In order to test some security software, I need to be able to create a large (configurable) number of new processes (not threads!) in Windows, very quickly, have them exist for a (configurable) period of time, then terminate cleanly. The processes shouldn't do anything at all - just exist for the specified duration.
Ultimately, I want to be able to run something like:
C:\> python process_generate.py --processes=150 --duration=2500
which would create 150 new processes very quickly, keep them all alive for 2500ms, then have them all terminate as quickly as possible.
As a starting point, I ran
from multiprocessing import Process import os def f(): pass if __name__ == '__main__': import datetime count = 0 startime = datetime.datetime.now() while True: p = Process(target=f) p.start() p.terminate() count += 1 if count % 1000 == 0: now = datetime.datetime.now() print "Started & stopped d processes in %s seconds" % (count, str(now-starttime))
and found I could create and terminate about 70 processes/second serially on my laptop, with the created processes terminating straightaway. The approx 70 processes/second rate was sustained over about an hour duration.
When I changed the code to
from multiprocessing import Process import os import time def f_sleep(): time.sleep(1) if __name__ == '__main__': import datetime starttime = datetime.datetime.now() processes =  PROCESS_COUNT = 100 for i in xrange(PROCESS_COUNT): p = Process(target=f_sleep) processes.append(p) p.start() for i in xrange(PROCESS_COUNT): processes[i].terminate() now = datetime.datetime.now() print "Started/stopped %d processes in %s seconds" % (len(processes), str(now-starttime))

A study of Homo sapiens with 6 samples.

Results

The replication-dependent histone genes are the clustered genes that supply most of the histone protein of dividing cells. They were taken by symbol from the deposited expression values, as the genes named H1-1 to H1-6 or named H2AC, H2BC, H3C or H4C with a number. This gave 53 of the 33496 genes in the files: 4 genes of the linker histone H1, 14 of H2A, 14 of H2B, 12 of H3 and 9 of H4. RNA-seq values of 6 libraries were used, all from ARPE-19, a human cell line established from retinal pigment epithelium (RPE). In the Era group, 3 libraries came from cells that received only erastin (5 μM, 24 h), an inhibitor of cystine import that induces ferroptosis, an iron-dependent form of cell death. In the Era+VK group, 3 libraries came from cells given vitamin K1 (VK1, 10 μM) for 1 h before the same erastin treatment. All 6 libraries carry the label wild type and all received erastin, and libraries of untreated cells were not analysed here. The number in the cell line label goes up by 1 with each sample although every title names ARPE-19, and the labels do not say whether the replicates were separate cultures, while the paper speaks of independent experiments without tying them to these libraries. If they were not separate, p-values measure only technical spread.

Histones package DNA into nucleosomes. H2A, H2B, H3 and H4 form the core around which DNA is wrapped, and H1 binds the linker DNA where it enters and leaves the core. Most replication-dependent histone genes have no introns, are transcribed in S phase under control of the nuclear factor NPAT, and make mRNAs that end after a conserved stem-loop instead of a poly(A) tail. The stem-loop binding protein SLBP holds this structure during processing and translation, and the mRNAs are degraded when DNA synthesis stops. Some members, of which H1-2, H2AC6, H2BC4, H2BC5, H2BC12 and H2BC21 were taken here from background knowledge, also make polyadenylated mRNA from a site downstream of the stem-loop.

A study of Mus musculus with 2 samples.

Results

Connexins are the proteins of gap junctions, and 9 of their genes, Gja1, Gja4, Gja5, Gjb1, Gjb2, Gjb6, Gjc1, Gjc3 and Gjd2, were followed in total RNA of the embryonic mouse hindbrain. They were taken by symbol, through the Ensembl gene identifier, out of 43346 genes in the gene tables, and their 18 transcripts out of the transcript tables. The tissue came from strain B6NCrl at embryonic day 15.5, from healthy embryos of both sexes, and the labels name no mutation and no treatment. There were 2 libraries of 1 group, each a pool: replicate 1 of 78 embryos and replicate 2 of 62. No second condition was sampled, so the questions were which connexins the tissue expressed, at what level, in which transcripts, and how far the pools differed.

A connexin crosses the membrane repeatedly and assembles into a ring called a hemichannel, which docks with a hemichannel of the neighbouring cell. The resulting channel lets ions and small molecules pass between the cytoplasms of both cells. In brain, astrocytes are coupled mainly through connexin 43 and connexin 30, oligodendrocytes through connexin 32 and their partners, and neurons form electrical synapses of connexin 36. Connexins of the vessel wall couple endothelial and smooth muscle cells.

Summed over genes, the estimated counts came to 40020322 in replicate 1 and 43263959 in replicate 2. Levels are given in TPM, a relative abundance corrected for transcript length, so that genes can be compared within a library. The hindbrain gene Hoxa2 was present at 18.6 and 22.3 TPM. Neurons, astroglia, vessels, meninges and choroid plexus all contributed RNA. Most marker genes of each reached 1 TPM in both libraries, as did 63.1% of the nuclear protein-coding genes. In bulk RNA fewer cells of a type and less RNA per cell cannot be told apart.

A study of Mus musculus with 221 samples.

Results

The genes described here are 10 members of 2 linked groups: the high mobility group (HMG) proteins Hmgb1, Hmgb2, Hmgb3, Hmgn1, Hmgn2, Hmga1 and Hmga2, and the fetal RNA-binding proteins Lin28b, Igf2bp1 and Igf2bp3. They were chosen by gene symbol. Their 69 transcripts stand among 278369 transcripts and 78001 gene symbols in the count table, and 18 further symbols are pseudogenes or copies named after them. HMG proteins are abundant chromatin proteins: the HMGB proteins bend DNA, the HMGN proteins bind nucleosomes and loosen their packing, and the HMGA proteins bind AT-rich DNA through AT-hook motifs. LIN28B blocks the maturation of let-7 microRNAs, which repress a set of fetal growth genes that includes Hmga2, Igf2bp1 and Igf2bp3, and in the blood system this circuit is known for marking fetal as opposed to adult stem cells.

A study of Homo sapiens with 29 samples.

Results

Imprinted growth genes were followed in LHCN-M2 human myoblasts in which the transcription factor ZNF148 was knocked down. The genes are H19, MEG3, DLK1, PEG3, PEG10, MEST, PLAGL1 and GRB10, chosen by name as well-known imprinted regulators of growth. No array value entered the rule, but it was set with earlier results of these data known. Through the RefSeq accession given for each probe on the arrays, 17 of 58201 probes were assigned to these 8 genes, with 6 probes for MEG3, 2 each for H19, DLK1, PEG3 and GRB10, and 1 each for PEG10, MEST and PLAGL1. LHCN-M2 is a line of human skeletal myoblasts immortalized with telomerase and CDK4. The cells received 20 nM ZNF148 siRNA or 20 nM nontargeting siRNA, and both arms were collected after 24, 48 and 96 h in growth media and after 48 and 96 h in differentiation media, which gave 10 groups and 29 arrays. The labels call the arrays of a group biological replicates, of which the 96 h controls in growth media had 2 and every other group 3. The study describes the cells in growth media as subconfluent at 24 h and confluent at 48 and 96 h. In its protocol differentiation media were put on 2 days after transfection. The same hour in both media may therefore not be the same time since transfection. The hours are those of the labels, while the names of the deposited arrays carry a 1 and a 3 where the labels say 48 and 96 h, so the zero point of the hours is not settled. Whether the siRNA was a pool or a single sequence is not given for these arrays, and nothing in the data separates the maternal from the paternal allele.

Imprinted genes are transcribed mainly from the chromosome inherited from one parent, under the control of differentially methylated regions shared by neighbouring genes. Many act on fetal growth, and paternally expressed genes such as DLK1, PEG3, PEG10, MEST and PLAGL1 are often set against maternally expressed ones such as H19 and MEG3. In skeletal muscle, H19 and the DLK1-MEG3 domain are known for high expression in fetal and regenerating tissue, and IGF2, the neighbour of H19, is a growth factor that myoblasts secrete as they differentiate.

and tried different values for PROCESS_COUNT, I expected it to scale a lot better than it did. I got the following results for different values of PROCESS_COUNT:
- 20 processes completed in 0.72 seconds
- 30 processes completed in 1.45 seconds
- 50 processes completed in 3.68 seconds
- 100 processes completed in 14 seconds
- 200 processes completed in 43 seconds
- 300 processes completed in 77 seconds
- 400 processes completed in 111 seconds
This is not what I expected - I expected to be able to scale up the parallel process count in a reasonably linear fashion till I hit a bottleneck, but I seem to be hitting a process creation bottleneck almost straightaway. I definitely expected to be able to create something close to 70 processes/second before hitting a process creation bottleneck, based on the first code I ran.
Without going into the full specs, the laptop runs fully patched Windows XP, has 4Gb RAM, is otherwise idle and is reasonably new; I don't think it'd be hitting a bottleneck this quickly.
Am I doing anything obviously wrong here with my code, or is XP/Python parallel process creation really that inefficient on a 12 month old laptop?